More and more companies are directing customers to type short phrases in search engines instead of promoting URLs. People as varied as the BBC and Norwich Union are directing prospect customers to fire up their browsers, go to a search engine and type a catchy phrase. Is this the end of the URL?
My own perception is a resounding no. While some large organizations will have the clout to pull this off, many are at risk. A commited keywordsquatter, to coin a word, could use SEO and Phishing techniques to place their site above the genuine advertiser’s, stealing all their traffic with disastrous consequences for the gullible marketeer.
Keywords cannot be bought in natural results, relevance is attributed by a third party based mainly on elements (incoming links) beyond the control of any single advertiser. These qualities, which applied to natural search have served Google well to gain near-monopoly control of the search market are in direct oppostition to the premise of keyword advertising. Precisely because of the floating nature that makes keywords such a powerful paradigm for natural search, risks seem to so fully surpass benefit that one would think no eMarketing professional would ever consider trialling it.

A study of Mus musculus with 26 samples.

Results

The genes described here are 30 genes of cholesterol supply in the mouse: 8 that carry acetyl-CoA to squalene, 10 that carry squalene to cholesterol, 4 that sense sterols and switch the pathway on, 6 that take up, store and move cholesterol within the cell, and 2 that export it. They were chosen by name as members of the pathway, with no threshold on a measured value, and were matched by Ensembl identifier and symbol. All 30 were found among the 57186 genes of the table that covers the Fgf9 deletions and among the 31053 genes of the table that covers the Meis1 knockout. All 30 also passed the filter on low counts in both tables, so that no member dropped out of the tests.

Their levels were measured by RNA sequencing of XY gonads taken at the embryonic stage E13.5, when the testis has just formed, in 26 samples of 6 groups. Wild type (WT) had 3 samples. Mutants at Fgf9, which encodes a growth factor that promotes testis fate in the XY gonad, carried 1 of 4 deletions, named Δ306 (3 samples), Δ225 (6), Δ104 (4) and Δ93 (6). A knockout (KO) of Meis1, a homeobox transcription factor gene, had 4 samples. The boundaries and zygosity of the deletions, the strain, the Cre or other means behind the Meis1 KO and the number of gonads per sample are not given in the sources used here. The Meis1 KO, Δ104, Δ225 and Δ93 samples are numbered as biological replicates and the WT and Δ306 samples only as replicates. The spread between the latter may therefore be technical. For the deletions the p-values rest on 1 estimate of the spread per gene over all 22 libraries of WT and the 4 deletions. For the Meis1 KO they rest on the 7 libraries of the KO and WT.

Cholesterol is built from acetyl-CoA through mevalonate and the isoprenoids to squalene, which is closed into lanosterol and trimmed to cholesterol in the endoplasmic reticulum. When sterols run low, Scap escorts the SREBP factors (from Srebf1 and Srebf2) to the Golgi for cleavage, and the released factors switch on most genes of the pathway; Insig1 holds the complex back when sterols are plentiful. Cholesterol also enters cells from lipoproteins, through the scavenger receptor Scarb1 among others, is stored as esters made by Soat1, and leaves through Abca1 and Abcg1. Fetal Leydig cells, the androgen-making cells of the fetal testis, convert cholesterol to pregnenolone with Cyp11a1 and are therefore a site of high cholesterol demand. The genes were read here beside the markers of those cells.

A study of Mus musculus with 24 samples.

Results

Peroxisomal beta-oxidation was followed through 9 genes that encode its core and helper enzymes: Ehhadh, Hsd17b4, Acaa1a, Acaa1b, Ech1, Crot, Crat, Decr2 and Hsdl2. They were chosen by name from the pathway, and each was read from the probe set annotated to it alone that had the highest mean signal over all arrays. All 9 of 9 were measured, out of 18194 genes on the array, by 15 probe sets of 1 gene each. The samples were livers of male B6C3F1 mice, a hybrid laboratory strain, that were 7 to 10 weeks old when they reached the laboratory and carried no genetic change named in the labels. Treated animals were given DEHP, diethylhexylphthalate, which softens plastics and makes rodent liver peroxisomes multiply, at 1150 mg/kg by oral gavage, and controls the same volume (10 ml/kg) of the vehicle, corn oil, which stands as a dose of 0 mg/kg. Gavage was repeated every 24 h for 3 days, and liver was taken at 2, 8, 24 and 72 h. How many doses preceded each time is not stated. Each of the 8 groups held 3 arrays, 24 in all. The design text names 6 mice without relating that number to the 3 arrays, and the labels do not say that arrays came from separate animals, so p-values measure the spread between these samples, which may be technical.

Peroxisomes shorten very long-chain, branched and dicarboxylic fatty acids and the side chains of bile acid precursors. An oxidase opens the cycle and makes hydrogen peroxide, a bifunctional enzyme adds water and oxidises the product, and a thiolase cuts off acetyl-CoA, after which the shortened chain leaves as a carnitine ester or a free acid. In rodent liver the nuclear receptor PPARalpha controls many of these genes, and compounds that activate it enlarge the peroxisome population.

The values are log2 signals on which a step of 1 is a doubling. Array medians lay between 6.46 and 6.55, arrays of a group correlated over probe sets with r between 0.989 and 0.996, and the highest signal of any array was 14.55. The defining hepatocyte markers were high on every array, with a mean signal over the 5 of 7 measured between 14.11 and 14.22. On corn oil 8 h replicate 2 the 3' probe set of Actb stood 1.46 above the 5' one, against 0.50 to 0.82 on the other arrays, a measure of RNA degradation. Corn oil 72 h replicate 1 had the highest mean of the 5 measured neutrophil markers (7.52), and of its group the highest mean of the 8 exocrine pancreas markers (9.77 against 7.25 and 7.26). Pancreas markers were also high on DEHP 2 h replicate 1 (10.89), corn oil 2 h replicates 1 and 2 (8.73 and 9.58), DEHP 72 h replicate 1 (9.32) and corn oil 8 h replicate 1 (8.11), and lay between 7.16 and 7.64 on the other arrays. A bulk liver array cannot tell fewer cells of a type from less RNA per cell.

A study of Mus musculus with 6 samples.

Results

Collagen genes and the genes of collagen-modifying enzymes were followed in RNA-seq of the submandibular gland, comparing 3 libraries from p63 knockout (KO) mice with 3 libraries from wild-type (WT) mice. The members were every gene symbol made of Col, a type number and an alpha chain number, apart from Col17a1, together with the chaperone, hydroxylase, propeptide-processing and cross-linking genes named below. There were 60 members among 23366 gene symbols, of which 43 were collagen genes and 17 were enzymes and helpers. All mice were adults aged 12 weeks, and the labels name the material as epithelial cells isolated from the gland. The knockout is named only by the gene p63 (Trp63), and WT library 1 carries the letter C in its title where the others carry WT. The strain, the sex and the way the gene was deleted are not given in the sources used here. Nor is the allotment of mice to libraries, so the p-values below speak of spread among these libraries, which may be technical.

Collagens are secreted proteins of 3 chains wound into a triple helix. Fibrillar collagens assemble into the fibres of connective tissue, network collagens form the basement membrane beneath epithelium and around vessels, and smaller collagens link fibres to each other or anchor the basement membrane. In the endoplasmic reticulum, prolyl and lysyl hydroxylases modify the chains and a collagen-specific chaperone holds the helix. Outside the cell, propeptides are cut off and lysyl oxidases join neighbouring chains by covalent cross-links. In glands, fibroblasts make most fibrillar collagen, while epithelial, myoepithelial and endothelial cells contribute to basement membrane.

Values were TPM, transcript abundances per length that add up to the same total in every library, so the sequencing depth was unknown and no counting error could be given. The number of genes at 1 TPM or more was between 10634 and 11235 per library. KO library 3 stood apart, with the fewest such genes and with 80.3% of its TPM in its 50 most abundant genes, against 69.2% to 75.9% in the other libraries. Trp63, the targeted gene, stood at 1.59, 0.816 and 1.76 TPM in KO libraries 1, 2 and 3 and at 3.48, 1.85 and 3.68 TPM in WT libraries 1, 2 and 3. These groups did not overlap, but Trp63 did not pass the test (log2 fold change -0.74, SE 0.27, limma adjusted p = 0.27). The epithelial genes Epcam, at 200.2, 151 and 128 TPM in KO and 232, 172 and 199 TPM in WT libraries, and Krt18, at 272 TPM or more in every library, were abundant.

But they are, and some swear by it. I did a little exercise this week on Twitter, asking my contacts whether they’d do it or sit it out. While the sit it out position won, the volume and calibre of people emphatically supporting doing it is undeniable. these are the thought leaders in the online space. May they all be wrong?
In this case I believe they are. I’ve been wrong before (not often) and I could be this time, but I am going to sit it out until the matter gets resolved by braver and richer marketers than me. I hope to be vindicated when the results are out. I have an axe to grind here: I like the democratic nature of URLs, available to anyone for a few quid a year. Keyword advertising requires massive investment to try and ensure consistent natural search placement and fend off keywordsquatters, requiring resources beyond the means of many.
The end of the URL would further solidify Google’s grasp on the Net and could be the last nail in the coffin of Web innovation. As Web entrepeneurs and aficionados would have to pay for access to the Googlewranlgers at SEO organisation, the barriers to entry rise, the number of new entrants shrinks and diversity diminishes. 200 years after Darwin’s birth we could see the end of evolution by natural selection in the Web-based ecosystem. All on the back of an innocent Marketing play.